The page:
Electrochemical CO conversion to valuable chemicals

Seminar series
Inorganic Chemistry
When
Wed, Oct 10 4:30pm
Where
3440 Mol Sci
Speaker Feng Jiao, Associate Professor of Chemical and Biomolecular Engineering
University of Delaware
Department of Chemical & Biomolecular Engineering
Description

Electrochemical CO conversion to valuable chemicals

 

Feng Jiao

Center of Catalytic Science and Technology, Department and Biomolecular Engineering, University of Delaware, Newark, DE 19716 (USA)

Email: jiao@udel.edu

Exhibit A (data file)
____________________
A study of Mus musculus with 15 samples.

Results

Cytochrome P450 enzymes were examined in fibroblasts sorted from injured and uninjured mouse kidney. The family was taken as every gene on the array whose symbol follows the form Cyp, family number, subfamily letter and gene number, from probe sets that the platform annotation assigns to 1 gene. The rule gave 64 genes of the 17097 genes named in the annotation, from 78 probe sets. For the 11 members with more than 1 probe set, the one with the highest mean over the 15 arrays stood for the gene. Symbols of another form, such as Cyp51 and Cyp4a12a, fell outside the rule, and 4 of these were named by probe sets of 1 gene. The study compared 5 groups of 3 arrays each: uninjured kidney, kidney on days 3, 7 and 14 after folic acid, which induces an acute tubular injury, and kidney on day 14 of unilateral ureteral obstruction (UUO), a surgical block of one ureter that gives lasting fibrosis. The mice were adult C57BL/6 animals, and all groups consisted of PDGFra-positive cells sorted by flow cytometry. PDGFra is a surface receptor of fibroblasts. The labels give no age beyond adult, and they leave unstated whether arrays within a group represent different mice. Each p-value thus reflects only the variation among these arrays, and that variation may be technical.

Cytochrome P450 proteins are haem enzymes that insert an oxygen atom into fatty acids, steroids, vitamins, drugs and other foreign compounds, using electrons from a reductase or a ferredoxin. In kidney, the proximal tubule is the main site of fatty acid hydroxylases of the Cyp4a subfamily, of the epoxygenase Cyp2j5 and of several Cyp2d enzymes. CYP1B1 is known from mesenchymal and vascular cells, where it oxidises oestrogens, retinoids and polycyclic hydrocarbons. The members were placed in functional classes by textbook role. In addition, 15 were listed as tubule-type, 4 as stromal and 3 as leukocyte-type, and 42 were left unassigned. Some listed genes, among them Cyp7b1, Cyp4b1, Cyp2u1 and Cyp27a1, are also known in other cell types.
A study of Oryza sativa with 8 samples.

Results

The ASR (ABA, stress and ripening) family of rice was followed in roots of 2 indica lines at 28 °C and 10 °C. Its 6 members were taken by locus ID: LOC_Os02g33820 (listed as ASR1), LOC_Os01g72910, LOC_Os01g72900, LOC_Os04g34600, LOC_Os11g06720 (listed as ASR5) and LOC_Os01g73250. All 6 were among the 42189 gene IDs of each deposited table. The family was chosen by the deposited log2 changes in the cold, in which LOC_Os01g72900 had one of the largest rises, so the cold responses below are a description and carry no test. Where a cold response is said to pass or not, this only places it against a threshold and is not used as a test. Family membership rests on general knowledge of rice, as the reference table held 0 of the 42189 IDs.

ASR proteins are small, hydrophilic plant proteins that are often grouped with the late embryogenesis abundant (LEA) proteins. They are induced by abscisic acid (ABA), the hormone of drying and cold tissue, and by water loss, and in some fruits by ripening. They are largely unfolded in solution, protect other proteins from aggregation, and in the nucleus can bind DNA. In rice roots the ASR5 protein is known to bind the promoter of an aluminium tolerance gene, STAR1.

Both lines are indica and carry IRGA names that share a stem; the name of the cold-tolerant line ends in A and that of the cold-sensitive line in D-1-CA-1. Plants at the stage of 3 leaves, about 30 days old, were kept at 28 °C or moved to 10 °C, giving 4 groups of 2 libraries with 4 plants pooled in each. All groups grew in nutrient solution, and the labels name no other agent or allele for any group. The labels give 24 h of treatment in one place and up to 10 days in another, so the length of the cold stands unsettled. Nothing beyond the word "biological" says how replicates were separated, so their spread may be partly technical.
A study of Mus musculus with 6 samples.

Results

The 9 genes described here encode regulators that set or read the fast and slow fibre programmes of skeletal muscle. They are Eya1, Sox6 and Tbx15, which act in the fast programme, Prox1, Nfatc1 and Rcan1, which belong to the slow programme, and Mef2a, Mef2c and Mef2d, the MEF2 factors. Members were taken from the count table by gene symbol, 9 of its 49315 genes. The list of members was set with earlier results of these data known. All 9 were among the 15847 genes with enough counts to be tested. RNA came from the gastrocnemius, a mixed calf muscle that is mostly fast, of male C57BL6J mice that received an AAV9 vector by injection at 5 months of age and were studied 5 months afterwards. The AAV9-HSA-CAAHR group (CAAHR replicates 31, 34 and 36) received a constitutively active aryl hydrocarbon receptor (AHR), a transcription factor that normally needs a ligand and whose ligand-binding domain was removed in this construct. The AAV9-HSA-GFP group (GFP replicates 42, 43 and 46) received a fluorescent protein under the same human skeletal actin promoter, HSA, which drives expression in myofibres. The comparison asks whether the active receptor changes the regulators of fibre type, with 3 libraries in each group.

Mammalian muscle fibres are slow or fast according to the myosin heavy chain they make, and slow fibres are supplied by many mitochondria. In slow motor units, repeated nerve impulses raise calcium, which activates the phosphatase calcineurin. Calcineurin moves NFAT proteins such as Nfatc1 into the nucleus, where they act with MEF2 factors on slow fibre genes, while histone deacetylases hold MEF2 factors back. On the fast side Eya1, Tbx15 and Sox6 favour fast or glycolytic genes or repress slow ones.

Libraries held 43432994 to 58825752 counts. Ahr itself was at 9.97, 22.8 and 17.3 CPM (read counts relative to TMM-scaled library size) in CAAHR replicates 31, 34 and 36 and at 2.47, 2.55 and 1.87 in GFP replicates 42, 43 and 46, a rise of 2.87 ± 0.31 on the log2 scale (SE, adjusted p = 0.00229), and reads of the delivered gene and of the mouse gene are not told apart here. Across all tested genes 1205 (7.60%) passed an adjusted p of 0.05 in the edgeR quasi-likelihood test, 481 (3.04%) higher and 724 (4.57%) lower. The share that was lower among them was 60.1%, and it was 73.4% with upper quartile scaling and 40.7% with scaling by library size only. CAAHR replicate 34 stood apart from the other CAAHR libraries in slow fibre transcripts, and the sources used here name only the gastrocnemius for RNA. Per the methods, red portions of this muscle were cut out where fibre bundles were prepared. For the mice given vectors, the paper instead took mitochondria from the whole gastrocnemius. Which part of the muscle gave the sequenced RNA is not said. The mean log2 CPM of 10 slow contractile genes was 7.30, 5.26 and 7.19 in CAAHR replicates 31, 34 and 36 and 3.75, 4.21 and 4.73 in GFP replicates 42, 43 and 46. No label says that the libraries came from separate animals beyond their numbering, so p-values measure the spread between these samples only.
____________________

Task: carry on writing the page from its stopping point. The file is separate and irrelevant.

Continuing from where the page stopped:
The rapid development of novel energy technologies has decreased renewable electricity prices significantly over the past decade. This foreseen cheap electricity has motivated significant research interest in the development of electrified pathways for chemical and fuel production. Compared to traditional chemical processes driven by fossil energy, electrochemical processes are often more environmentally friendly, can operate under relatively mild conditions, and can also be coupled with renewable electricity sources at remote locations. Recently, carbon monoxide electrolysis has been reported to yield enhanced multi-carbon (C2+) Faradaic efficiencies up to ~55% but only at low reaction rates. This is due to the low solubility of CO in aqueous electrolytes and operation in batch-type reactors. Here, we present a high-performance CO flow electrolyzer with a well-controlled electrode-electrolyte interface that can reach total current densities up to 1 A/cm2 together with improved C2+ selectivities. Computational transport modelling and isotopic C18O reduction experiments suggest the enhanced activity is due to a higher surface pH under CO reduction conditions, which facilitated the production of acetate. At optimal operating conditions, we achieve a C2+ Faradaic efficiency of ~91% with a C2+ partial current density over 630 mA/cm2. Further investigations show that maintaining an efficient triple-phase boundary at the electrode-electrolyte interface is the most critical challenge to achieving a stable CO/CO2 electrolysis process at high rates.